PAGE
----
ICT-ENSURE has used a mix of approaches to articulate the research demand from the environmental research community. The regional workshops, EnviroInfo workshops, expert survey, and questionnaires all provided different ways of eliciting user needs, allowing for inductive
approaches based on brainstorming and scenario techniques as well as direct approaches. What has emerged from these efforts is a vision of a new research community that overcomes the distinction of developers of ICT and environmental scientists “using” ICT with an integrated, multi-disciplinary community “co-designing” new approaches that integrate the development of new methodologies in environmental research with new ICT tools and services.

This requires a broad reference framework to orient both communities – environmental researchers and ICT researchers – with a common understanding of the scope and purpose of the different research tasks at hand. While much of ICT-ENSURE has been based on thematic frameworks – structured in the larger array of key areas and subsequently in four selected focus areas (energy efficiency, climate change, natural resources and biodiversity) – this approach is less useful to the ICT community, which instead tends to work according to abstract processes that are then applied to specific thematic domains.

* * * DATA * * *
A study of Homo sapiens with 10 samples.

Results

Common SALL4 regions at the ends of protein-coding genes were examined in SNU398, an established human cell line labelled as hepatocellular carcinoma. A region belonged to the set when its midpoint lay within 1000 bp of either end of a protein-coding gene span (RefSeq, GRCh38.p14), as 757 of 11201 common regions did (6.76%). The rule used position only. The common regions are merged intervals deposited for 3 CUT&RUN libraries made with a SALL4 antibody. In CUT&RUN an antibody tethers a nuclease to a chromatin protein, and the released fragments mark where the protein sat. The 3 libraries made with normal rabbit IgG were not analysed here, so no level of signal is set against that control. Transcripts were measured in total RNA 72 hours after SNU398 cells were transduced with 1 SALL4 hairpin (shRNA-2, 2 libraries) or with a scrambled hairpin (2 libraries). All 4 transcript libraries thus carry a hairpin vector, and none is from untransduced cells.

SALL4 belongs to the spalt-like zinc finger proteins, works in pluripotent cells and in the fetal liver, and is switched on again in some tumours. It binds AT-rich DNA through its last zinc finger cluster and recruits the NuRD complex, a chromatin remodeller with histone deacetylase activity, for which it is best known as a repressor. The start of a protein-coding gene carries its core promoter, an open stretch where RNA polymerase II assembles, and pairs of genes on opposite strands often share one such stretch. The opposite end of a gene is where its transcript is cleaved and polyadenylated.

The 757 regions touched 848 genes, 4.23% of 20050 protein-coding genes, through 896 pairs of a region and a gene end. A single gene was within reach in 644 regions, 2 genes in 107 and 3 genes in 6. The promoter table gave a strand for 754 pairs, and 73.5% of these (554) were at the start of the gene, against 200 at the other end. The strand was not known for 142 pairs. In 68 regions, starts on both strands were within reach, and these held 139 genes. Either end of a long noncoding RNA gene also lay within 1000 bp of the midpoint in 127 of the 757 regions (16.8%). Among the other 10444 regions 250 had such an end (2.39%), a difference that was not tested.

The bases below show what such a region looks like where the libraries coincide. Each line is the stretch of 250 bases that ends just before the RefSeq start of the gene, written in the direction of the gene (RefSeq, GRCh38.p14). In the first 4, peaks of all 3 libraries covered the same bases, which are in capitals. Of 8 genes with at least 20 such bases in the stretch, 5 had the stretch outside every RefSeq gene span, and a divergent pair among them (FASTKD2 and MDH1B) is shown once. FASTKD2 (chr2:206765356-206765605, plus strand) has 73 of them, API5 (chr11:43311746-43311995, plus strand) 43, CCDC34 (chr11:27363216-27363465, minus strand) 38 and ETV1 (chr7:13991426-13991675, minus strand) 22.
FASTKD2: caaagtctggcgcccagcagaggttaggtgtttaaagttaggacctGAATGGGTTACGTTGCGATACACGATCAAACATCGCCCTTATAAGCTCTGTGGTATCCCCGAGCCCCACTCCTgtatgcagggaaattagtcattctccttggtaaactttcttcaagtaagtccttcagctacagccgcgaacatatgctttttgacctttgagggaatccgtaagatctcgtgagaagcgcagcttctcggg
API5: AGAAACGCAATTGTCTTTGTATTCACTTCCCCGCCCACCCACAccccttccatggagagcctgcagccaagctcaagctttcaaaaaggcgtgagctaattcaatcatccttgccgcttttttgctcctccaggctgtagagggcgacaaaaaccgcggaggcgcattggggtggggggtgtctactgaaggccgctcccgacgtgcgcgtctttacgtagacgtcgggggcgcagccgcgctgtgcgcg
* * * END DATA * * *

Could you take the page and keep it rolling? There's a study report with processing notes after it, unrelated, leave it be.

For this, the dominant process model in the field of environmental research is the DPSIR model as used by the European Environmental Agency, which essentially defines a sequence of states or actions, as shown in the following figure.


Based on this we can define five areas of potential and research demands for ICT:

  1. Driving Forces – Pressure: ICT supporting environmentally sustainable human behaviours and economic activities
  2. Pressure – State: ICT supporting our understanding of the environment and the impacts of human activity on it
  3. State – Impact: ICT supporting our ability to assess the impact of climate and environmental changes on human livelihood
  4. Impact – Response: ICT supporting the formulation and evaluation of strategies and policies to address environmental challenges
  5. Response – Driving Forces: ICT supporting the implementation of strategies and policies for environmental sustainability.